A well-balanced diet will have a positive impact on your health, and can help to fight oral diseases and keep your teeth and gum healthy. Studies reveal that low levels of nutrients and minerals in your diet can reduce your resistance to infections and adversely affect your oral health, which can lead to gum diseases, dental cavities, infection of mouth tissues and loss of teeth. Insufficient levels of nutrients can also cause problems and complications during the developmental stages in young children.
So, what nutrients and minerals and what type of food should we have in our diet to ensure oral health?
Here is a list of important vitamins and minerals for oral health:
Promotes strong teeth and jaw bone support. Calcium exists in any dairy products, such as yogurt, milk and cheese. This type of calcium is easily absorbed by the body. Alternative options for a vegan diet include green leafy vegetables, fortified cereals, blackstrap molasses, broccoli and beans.
Also, canned salmon and sardines with bones are very good sources of calcium.
2. Vitamin D
Helps the body with absorption of calcium into the bloodstream, which helps with building strong bones and teeth.
Vitamin D is found in milk, egg yolk, fish; as well as limited exposure to sunshine.
This element, which can be found in teeth, is important for maintenance and repair of bodily tissues, including the mouth. It helps balance base/acid and improve metabolism. Phosphorus can be found in milk, grains and lean meat.
4. Vitamin C
Helps to produce collagen, a main structural protein in the connective tissues that hold jaw bones together. It also helps to build blood vessels and is very important for tissue regeneration.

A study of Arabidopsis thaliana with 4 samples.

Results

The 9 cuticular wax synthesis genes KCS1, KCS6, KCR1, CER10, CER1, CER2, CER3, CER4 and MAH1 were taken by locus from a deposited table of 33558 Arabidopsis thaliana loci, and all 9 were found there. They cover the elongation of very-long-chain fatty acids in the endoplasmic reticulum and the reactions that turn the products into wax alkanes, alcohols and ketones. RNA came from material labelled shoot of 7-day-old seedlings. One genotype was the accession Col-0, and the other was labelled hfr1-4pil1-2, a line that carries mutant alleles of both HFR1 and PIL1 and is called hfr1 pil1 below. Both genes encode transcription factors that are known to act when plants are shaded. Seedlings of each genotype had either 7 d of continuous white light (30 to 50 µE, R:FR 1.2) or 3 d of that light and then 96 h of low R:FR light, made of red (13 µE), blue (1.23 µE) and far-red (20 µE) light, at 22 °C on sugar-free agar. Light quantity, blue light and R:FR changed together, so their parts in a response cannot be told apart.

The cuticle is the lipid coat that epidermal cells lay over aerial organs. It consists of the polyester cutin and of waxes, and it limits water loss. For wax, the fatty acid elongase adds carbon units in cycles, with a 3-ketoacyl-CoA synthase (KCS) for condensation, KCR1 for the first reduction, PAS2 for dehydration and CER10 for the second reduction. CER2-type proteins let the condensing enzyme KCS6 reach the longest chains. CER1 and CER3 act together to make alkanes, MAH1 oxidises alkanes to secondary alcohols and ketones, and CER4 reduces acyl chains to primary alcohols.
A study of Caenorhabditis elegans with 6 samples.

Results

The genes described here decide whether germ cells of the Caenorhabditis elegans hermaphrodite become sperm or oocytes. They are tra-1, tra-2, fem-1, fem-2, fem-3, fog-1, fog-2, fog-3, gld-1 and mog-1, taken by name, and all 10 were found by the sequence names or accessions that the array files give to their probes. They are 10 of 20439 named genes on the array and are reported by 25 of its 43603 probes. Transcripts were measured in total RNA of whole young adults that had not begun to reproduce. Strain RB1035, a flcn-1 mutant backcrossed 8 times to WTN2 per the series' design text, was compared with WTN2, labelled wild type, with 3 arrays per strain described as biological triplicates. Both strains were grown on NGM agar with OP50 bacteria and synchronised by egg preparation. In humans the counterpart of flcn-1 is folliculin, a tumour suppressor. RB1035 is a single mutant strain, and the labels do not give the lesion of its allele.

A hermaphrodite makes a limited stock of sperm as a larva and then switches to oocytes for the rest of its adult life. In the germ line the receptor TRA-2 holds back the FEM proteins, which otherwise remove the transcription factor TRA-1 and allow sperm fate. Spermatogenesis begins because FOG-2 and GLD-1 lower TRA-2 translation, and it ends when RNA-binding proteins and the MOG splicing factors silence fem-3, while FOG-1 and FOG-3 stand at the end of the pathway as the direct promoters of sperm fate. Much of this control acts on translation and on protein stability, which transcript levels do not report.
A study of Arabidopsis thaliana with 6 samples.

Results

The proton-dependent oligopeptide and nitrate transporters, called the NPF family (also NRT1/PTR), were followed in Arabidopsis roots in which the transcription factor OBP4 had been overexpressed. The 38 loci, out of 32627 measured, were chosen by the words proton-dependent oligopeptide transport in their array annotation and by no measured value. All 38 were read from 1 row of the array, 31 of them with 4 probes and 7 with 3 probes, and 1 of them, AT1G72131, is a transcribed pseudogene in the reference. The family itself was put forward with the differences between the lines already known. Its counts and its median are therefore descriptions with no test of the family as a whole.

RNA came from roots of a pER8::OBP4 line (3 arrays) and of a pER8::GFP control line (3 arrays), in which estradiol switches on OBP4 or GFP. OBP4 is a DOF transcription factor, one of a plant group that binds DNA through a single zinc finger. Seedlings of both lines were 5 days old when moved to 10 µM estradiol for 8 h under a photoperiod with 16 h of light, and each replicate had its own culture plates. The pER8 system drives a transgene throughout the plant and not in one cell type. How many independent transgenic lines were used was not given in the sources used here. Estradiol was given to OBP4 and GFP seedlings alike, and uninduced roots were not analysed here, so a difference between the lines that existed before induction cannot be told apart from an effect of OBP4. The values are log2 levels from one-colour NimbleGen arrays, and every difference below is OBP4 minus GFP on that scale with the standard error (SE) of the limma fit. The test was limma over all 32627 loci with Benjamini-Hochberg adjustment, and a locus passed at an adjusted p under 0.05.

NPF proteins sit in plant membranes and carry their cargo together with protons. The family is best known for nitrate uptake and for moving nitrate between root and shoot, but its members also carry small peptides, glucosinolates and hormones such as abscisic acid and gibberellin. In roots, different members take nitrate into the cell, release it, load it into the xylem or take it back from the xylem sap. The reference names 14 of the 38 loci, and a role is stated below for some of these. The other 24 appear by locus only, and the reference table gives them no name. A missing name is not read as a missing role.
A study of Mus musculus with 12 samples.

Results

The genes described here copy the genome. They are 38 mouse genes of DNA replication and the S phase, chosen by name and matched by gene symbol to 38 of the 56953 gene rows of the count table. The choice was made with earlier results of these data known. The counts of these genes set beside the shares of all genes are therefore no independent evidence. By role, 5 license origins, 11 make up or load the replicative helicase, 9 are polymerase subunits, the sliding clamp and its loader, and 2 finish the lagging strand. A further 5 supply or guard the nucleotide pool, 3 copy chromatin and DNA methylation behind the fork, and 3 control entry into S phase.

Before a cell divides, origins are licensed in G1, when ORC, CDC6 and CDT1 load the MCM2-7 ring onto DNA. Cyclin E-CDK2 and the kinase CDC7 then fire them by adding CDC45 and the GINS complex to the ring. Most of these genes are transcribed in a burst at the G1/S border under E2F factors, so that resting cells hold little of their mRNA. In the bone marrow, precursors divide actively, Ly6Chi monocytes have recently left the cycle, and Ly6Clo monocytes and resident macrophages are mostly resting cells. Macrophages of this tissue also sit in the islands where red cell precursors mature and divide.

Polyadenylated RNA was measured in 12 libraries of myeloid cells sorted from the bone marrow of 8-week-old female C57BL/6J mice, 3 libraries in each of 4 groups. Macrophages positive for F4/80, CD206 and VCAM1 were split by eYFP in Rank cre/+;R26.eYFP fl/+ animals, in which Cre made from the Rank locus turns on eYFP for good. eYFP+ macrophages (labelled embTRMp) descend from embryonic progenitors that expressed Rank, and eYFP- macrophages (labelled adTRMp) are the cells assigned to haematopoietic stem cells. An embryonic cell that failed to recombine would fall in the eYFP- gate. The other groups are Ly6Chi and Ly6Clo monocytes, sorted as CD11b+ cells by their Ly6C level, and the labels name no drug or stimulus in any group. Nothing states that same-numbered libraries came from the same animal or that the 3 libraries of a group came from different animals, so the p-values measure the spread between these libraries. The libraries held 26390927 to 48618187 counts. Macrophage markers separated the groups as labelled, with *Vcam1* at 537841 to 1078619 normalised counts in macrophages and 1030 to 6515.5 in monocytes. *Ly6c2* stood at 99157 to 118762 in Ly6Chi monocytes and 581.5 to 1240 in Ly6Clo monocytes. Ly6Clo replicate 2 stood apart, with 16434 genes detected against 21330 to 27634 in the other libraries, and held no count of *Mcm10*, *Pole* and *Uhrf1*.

Lack of vitamin C can lead to bleeding gums and loose teeth.
Vitamin C is found in a variety of fruits and vegetables such as oranges, strawberries, pineapple, sweet potato, raw red peppers, etc.
Iron deficiency can lead to inflammation of the tongue and regular mouth sores. Serious iron deficiency can cause anemia that will reduce oxygen in the body and decrease the hemoglobin count. It can affect oral health and cause chronic pain due to sores and inflammation.
Iron is found in red meat, fish, poultry, nuts, vegetables and fortified cereals.
6. Vitamin A
Helps to form and maintain mouth tissues. It keeps mucus membrane healthy and heals sores and wounds.
Sources of vitamin A include spinach, kale, apricot, orange colored vegetables, cantaloupe and sweet potato.
7. Vitamins B2, B3, B12
Lack of vitamin B3 (Niacin) can lead to bad breath and canker sores. Other mouth sores can develop as a result of insufficient levels of B2 (Riboflavin) and B12.
Sources of these vitamins include chicken, pork, fish, liver, pasta, spinach, almonds, as well as some dairy products.
8. Vitamin K
Helps to synthesize proteins and develop bone strength. It also has a vital role in blood clotting.
Vitamin K is found in leafy greens, broccoli, cauliflower, cabbage, fish, egg and liver.
Magnesium is important for bone and teeth developmental growth and to prevent dental cavities.
Sources of magnesium are green vegetables and nuts.
Helps to reduce calcium loss and promotes healthy mineral density that keeps the jaw bone and teeth healthy. Potassium prevents the blood from becoming acidic, which can reduce calcium in the body and the teeth.
Sources of potassium are beans, avocado, tomatoes, Swiss chard and potato.